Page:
Botanical name: Nymphaea rubra
Other names:

This aquatic perennial is closely related to both Blue and White Lily species, which have been revered in Egypt as well as Central America for millennia.  Although there is much less information regarding this particular species, anecdotal reports describe the relaxing, mood enhancing and dreamy effects as very similar. Lilies are used to reduce anxiety, improve mood and assist sleep.


Research has found some Nymphaea species to contain both aporphine and nuciferine. Aporphine has been described as a psychoactive alkaloid and is a dopamine agonist used to treat Parkinson’s disease, erectile dysfunction, Alzheimer’s, opiate and alcohol addiction as it stimulates dopamine receptors and improves motor function. This is the compound that stimulates a happy, uplifted, and euphoric feeling. Nuciferine is an alkaloid associated with dopamine receptor blockade, and is also found in Sacred Lotus (Nelumbo nucifera). 


Lilies enjoyed special significance to the people of ancient Egypt, where it symbolises the continual renewal of life. The flowers have been found in ancient tombs and depicted in ancient wall paintings and art. In Central America, the White Lily (Nymphaea ampla) is depicted in Mesoamerican art, usually portraying visionary scenes of the underworld or other worlds.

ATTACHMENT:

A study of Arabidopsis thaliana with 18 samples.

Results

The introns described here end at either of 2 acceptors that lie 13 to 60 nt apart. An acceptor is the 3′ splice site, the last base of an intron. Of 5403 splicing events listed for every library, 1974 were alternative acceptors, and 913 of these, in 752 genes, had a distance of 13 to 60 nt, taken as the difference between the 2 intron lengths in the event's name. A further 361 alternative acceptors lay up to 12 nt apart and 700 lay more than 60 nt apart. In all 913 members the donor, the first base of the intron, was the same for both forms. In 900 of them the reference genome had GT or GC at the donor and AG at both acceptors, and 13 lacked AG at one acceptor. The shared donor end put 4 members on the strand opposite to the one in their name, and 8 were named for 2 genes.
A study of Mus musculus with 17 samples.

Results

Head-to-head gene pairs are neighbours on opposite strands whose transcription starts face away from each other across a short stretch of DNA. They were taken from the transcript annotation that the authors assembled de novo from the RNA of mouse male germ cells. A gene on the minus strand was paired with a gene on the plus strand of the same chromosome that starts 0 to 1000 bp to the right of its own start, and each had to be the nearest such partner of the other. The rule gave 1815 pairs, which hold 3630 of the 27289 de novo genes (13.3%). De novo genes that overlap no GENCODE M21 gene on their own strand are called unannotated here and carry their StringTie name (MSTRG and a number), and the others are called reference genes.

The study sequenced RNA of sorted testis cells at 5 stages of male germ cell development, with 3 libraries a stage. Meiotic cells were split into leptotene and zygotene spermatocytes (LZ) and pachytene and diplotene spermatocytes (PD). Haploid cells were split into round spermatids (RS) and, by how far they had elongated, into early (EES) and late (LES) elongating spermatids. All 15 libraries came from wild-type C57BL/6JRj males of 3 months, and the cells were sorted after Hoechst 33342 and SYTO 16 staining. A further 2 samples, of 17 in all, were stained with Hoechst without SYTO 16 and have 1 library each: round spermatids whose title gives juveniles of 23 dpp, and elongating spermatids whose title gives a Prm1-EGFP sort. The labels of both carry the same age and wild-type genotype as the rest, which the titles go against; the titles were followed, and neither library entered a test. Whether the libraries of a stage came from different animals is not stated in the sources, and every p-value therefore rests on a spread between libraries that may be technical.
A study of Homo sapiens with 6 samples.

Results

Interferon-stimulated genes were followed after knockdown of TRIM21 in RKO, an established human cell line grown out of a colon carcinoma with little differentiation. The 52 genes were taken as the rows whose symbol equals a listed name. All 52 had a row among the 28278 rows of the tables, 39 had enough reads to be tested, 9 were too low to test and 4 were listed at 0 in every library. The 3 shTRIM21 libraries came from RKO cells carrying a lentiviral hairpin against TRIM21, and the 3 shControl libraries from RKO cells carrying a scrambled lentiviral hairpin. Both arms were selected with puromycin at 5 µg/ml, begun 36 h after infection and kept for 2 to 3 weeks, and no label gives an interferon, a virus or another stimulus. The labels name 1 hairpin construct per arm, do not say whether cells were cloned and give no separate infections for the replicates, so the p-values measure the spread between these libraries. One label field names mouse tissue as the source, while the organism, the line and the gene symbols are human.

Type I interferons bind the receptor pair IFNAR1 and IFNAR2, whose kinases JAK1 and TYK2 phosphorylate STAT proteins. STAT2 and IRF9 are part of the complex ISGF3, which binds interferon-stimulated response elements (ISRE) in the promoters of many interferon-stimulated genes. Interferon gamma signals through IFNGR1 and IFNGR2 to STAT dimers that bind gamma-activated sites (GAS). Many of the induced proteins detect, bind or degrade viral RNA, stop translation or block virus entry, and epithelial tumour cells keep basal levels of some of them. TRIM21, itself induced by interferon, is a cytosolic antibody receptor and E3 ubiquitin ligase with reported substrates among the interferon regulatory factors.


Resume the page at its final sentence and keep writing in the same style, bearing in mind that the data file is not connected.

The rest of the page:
Research into the medicinal effects of Red Lily has found immunomodulatory (regulates immune response), anti-diabetic, anthelmintic (antiparasitic) and antioxidant activity.


Preparation: Soak 10g in enough wine or vodka to easily cover the herb (as it will expand). Leave this to soak for up to 2 weeks ideally, however good effects can be achieved in less time (even 1 day). A tea can also be made by steeping 1-2 tsp per cup of boiled water, which has a pleasant relaxing effect. Red lily can also be smoked. 


References: Deni Brown (2002), New Encyclopedia of Herbs & Their Uses, p.289-90;


Christian Råtsch (1998), The Encyclopedia of Psychoactive Plants, pp.396-99;

Diaz  JL.  Ethnopharmacology of  sacred psychoactive plants used by the indians of Mexico. Ann. Rev. Pharm. Toxicol. (1977) 17: 647-75; Ott J. Ethneogenic drugs, their plant sources and history.  Pharmacotheon  (1993)  7:  424-5.